From RFG Advisor, Tommy Williams | "Tax Savings Revisited"
published: March, 20th 2017
Tax Savings Revisited
Tax season is upon us. That means we could all use some entertainment. While many folks dread the process of completing and filing taxes, some see it as an opportunity to test the boundaries of the system. Here are a few deductions Americans have taken that have failed to pass muster in tax court, courtesy of Kiplinger.com:
- You cannot deduct the cost of a good night’s sleep. A tax preparer who worked from home escaped to a hotel because her clients were calling in the wee hours of the night and causing her to lose sleep. When she attempted to take a business deduction for the hotel expense, the tax court ruled a good night’s sleep is a non-deductible personal expense.
- You cannot take a theft loss deduction for poor construction. A couple moved into their newly built dream home only to realize the builder had cut some corners. The house had some serious issues, including its foundation. The couple claimed the builder had defrauded them and took a large theft loss deduction. While taxpayers can deduct losses from a home-related theft, shoddy construction doesn’t qualify.
- You cannot take a depletion deduction for bodily fluids. A woman earned $7,000 a year donating blood plasma because of her rare blood type. She took a depletion deduction, claiming “the loss of both her blood’s mineral content and her blood’s ability to regenerate,” wrote Kiplinger. While companies that take coal, iron, and other minerals from the ground can take a depletion deduction, the tax court ruled that individuals cannot claim depletion on their bodies.
- You cannot deduct a business trip if there are no formal business meetings involved. A repo firm sponsored a trip to Las Vegas for its bank customers. The firm’s employees chatted with clients about business on the way to Vegas, but no formal meetings were held. The tax court denied the deduction.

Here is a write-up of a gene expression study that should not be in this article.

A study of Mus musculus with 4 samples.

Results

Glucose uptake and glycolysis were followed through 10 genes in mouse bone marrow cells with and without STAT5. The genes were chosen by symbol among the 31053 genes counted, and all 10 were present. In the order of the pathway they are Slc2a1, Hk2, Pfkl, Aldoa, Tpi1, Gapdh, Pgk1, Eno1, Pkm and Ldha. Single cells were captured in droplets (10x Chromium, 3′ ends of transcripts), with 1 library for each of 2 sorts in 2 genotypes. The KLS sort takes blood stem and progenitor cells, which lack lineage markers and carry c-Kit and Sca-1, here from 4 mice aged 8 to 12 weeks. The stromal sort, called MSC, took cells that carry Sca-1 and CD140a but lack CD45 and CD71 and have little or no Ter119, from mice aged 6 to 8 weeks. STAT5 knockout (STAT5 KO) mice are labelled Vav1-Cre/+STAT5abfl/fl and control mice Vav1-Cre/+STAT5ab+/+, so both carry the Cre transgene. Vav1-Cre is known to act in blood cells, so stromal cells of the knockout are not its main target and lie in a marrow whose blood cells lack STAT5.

Forbes included several more to add to the list; however, these may be less (or more) surprising:
- You cannot deduct a gym membership or weight loss program unless it is used to treat a diagnosed disease or condition. “The program must be specifically ordered by your doctor: if your doctor merely advises you to lose some weight or up your activity level to protect your health, that’s not sufficient. Remember that you still have to meet the applicable thresholds to claim the deduction which means that you must itemize on a Schedule A and your deductible medical expenses are only those that exceed 10% of your adjusted gross income (AGI).”
- You cannot deduct child support. “Okay, this one is a little bit of a cheat. While most of the deductions on the list could, under some circumstances, be shoe-horned into a deductible position, child support is never deductible: it is tax neutral. It is not tax deductible to the payor nor taxable to the recipient. However, spousal support is both tax deductible to the payor and taxable to the recipient.”
If you’re considering a brave attempt to deduct the cost of removing that impulsive tattoo you got back in college so you can keep your job, you might want to consult with a tax professional. Besides, your boss might not even notice the word “DEADHEAD” inked on across your neck!
The opinions voiced in this material are for general information only and are not intended to provide specific advice or recommendations for any individual. This material was prepared in part by Peak Advisor Alliance.
Visit us at www.williamsfa.com. Tommy Williams is a CERTIFIED FINANCIAL PLANNER™ Professional with Williams Financial Advisors, LLC. Securities offered through LPL Financial, Member FINRA/SIPC. Investment advice offered through RFG Advisory Group, a registered investment advisor. RFG Advisory Group, Williams Financial Advisors, LLC, and Peak Advisor Alliance are separate entities from LPL Financial. Branch office is located at 6425 Youree Drive, Suite 180, Shreveport, LA 71105.